Policy Matters to Kasich Administration: Scrap Medicaid work requirement proposal
Posted March 15, 2018 in Press Releases
Public comments on Ohio’s proposal to impose work requirements on people who receive health care through Medicaid expansion close March 18. Today, Policy Matters Ohio Executive Director Amy Hanauer sent a letter to Ohio Department of Medicaid Director Barbara Sears, asking the Kasich administration to reconsider submitting the proposal to the Trump Administration.
Hanauer’s letter argued that the proposal could cause many people to lose access to medical care. Hanauer outlined other problems as well, “The proposal is unnecessary, because the vast majority of Medicaid patients are working, disabled or caring for someone who is disabled,” Hanauer wrote. “The proposed requirement is ill-suited to the uncertain schedules and other realities of the low-wage work place. The state fails to fund necessary components of the program. Finally, the proposed program may violate labor laws.”
Ohio is asking the federal government to waive rules so Medicaid expansion enrollees must either comply with, or be exempted from, a work requirement. The waiver would be granted as a Section 1115 demonstration project, created to spur states to find new, innovative ways to improve health outcomes. The waivers were originally used to help people access Medicaid. The Trump Administration is now urging states to use the waivers to erect barriers to care through work requirements. The state projects the new requirement will cause more than 18,000 people to lose health coverage in the first year, but Policy Matters expects that number to be far higher.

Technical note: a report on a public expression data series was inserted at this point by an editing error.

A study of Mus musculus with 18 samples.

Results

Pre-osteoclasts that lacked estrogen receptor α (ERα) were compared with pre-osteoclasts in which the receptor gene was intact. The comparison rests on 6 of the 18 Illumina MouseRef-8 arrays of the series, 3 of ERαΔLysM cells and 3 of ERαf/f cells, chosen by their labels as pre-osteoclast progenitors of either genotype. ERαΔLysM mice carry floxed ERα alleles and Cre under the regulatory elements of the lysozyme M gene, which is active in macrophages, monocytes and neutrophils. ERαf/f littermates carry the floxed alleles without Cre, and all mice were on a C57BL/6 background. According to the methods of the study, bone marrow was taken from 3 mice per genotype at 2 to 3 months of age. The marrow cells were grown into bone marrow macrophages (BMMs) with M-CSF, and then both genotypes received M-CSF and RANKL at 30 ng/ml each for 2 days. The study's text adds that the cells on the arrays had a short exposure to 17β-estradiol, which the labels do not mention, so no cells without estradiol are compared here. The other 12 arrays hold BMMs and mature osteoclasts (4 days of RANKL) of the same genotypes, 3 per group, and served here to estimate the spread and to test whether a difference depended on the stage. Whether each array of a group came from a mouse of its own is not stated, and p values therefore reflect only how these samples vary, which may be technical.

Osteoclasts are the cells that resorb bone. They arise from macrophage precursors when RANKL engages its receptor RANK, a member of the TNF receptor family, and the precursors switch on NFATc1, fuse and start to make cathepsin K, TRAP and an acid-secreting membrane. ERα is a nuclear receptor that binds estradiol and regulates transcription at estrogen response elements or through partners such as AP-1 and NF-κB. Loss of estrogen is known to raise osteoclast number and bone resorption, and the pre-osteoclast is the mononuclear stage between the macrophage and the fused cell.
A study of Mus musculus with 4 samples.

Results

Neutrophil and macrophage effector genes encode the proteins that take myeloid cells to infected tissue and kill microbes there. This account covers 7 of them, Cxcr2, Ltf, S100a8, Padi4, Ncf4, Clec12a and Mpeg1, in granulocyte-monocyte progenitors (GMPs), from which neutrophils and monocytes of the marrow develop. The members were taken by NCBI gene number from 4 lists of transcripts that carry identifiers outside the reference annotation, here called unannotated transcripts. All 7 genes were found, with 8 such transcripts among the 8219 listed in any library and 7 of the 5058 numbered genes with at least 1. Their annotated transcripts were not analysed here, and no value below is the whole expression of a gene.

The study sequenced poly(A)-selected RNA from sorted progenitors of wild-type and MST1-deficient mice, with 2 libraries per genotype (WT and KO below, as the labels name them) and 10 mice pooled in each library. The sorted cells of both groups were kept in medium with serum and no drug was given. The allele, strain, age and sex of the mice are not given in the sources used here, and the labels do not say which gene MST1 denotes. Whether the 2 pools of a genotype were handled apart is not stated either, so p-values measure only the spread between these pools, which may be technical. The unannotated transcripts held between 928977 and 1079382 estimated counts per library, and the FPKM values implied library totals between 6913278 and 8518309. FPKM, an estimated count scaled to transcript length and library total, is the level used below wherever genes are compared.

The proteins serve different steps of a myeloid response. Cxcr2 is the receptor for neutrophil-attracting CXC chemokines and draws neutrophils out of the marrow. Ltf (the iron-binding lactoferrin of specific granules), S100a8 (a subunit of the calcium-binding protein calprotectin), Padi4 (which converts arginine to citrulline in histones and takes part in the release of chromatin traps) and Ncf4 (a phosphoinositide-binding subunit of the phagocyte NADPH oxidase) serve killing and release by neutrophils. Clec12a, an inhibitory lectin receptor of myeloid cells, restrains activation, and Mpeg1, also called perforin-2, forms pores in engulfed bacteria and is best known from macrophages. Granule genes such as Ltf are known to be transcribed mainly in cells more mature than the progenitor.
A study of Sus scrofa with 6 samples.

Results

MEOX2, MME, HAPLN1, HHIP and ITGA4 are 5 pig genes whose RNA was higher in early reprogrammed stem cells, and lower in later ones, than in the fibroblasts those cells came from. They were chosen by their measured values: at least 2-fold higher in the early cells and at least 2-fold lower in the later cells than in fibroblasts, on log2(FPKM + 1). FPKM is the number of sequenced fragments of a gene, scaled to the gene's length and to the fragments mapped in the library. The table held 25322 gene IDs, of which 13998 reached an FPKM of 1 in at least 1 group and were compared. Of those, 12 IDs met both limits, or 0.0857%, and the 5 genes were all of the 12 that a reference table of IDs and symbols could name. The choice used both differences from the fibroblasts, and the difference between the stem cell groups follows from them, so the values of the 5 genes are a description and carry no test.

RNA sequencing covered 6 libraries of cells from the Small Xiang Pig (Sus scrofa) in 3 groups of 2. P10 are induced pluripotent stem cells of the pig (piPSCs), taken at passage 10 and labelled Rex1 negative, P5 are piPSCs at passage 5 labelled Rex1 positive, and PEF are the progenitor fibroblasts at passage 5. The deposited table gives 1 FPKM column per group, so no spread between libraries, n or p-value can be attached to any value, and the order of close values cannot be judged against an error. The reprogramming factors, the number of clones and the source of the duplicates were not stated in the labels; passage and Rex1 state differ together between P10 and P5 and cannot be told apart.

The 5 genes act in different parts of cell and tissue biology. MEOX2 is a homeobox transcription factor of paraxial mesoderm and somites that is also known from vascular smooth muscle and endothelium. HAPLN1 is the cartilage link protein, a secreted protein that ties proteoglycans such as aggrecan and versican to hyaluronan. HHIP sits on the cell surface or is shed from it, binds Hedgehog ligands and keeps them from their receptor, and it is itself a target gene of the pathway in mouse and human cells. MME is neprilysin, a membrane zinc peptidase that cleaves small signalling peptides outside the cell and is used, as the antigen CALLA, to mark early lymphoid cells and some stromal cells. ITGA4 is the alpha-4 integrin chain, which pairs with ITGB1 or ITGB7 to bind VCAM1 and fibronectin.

Sixty-one percent of Medicaid patients already work. The rest are either people with disabilities, people caring for a loved one with a disability, early retirees, students or job seekers. Nearly 75 percent of Ohio’s Medicaid expansion enrollees looking for work said having health care made it easier to continue the search. More than half who were working said health care helped them to stay in their jobs.
“The Medicaid expansion is the state’s most important tool in improving health and fighting the growing drug epidemic in Ohio,” Hanauer told Sears. “Placing the entire Medicaid expansion population at risk of losing access to health care, especially at a time of a public health crisis, is a profound disservice to Ohio and Ohioans. We urge you not to submit this request to the federal government. If it is submitted, we urge the federal government to reject it.”